Sometimes, an "issue" book is simply an "issue" book. The protagonist is a cutter. On drugs. Pregnant. Homeless. Abused. Et cetera. The book revolves entirely around said issue, and things progress much in the same manner as an after-school special (which, come to think of it, do they even make those anymore?). These books often serve as cautionary tales rather than actual stories, where plot trumps character and message trumps style.
It would be wrong to categorize FOOD, GIRLS, AND OTHER THINGS I CAN'T HAVE as simply a book on obesity. While Andrew Zansky, the novel's protagonist, does weigh in at 307 pounds, his weight is simply one facet of his struggle as a teenage misfit. He isn't the fattest kid in school; he's the second fattest. He isn't friendless; he's got Eytan, skinny as Andrew is big. When Andrew meets new girl April, he's instantly smitten, but he tells her he's a jock, which is a complete lie. In an effort to impress her, he tries to make a soccer goal during gym class, and he ends up putting a few kids in the emergency room...and he loses his gym shorts in the process. Utterly embarassed, Andrew expects to sink to the very bottom of the social plane after this fiasco, but a chance encounter with O, the star quarterback of the football team, changes everything. Instead of joining Model UN with Eytan, Andrew decides to try out for football (where April is coincidentally going out for cheerleader). Andrew goes from being the fat kid to becoming the secret weapon of the team, and he suddenly finds himself invited to parties, and even getting private football lessons from O (in exchange for tutoring). His crush on April only intensifies when he discovers that she too was once heavy, and she has further altered herself through tinted contacts and teeth whitening in an attempt to become pretty.
What I love about Andrew is that as a narrator, he's emotionally available. Yes, he's a teenage boy who thinks about sex constantly and is distracted by breasts and makes "your mom" jokes and stuffs his face to cover up his sadness over his parents' divorce. Yet he is honest in presenting himself, and that vulnerability makes the reader root for him all the more, as he is surrounded by false faces and ulterior motives. This isn't a novel about Andrew going from a size 48 to a 32 and getting the girl and winning the big game. It's about a kid who realizes that there is a space between the person he is and the person he wants to be. It's about a boy truly becoming a man as he stands in the shadow of his cowardly father. It's about someone who tries something new, falls down a lot, reaches for things he can't have (or shouldn't have) and eventually discovers that perhaps the path that those around him choose to tread--the path that says do whatever it takes to be who others want you to be--is not the path for him. I also appreciate the fact that his high school is populated by kids of various backgrounds--Latino, Korean, Jewish, African American, Chinese--and that ethnicity affects way these characters definte themselves.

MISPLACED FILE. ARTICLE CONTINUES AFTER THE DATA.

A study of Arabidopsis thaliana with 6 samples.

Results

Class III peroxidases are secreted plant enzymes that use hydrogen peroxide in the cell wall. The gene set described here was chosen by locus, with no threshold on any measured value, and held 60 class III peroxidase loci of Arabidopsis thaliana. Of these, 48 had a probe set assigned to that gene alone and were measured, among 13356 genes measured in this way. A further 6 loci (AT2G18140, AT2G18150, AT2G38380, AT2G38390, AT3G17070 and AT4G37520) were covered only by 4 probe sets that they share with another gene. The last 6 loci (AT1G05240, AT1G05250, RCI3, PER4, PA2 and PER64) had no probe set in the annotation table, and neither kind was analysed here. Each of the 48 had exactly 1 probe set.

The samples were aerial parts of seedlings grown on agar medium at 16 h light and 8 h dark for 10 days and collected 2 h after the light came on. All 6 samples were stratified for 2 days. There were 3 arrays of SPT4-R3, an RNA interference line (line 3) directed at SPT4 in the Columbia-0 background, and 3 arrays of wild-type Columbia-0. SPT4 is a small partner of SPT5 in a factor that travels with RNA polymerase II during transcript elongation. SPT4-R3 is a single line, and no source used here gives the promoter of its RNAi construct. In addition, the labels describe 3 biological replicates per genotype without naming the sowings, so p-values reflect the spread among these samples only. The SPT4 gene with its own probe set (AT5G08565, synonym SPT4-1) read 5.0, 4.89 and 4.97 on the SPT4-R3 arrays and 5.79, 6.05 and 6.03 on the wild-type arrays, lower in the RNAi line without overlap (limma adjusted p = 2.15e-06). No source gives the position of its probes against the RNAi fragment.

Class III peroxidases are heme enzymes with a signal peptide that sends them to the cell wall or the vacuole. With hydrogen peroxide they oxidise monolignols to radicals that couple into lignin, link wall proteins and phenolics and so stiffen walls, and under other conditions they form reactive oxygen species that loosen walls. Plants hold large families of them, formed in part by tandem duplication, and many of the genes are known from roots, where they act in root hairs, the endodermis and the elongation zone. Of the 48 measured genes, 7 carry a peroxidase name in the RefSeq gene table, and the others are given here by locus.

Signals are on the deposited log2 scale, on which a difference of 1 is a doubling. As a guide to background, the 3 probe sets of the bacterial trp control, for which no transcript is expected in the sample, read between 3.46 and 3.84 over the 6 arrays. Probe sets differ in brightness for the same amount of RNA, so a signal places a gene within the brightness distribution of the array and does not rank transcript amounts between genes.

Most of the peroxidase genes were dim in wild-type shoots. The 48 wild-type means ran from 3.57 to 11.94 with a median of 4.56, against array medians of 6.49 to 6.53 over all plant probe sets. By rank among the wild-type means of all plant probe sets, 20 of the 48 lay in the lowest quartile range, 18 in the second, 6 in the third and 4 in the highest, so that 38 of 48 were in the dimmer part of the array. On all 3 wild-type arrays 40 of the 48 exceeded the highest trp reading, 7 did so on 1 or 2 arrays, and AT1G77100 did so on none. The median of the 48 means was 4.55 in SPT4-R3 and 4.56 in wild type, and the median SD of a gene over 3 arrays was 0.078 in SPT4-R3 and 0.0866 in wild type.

Author Allen Zadoff makes his YA debut here; he wrote a memoir called HUNGRY about his own journey from obesity to a healthy weight. Andrew, unlike Zadoff, does not emerge from the fat cocoon a skinny butterfly. He's still very big as the novel ends. That, however, isn't really the point. What matters is that Andrew faces some of the demons in his life--from bullies to mini bagels--and he makes choices. One of my favorite authors, Gary Schmidt, says that writing for young people is all about characters making decisions, and that is why this novel works so well. Andrew wants things, and he is denied them, and yet he has the courage to try for them anyway. That is the stuff of good fiction, particularly teen fiction, and that is why I heartily recommend this book.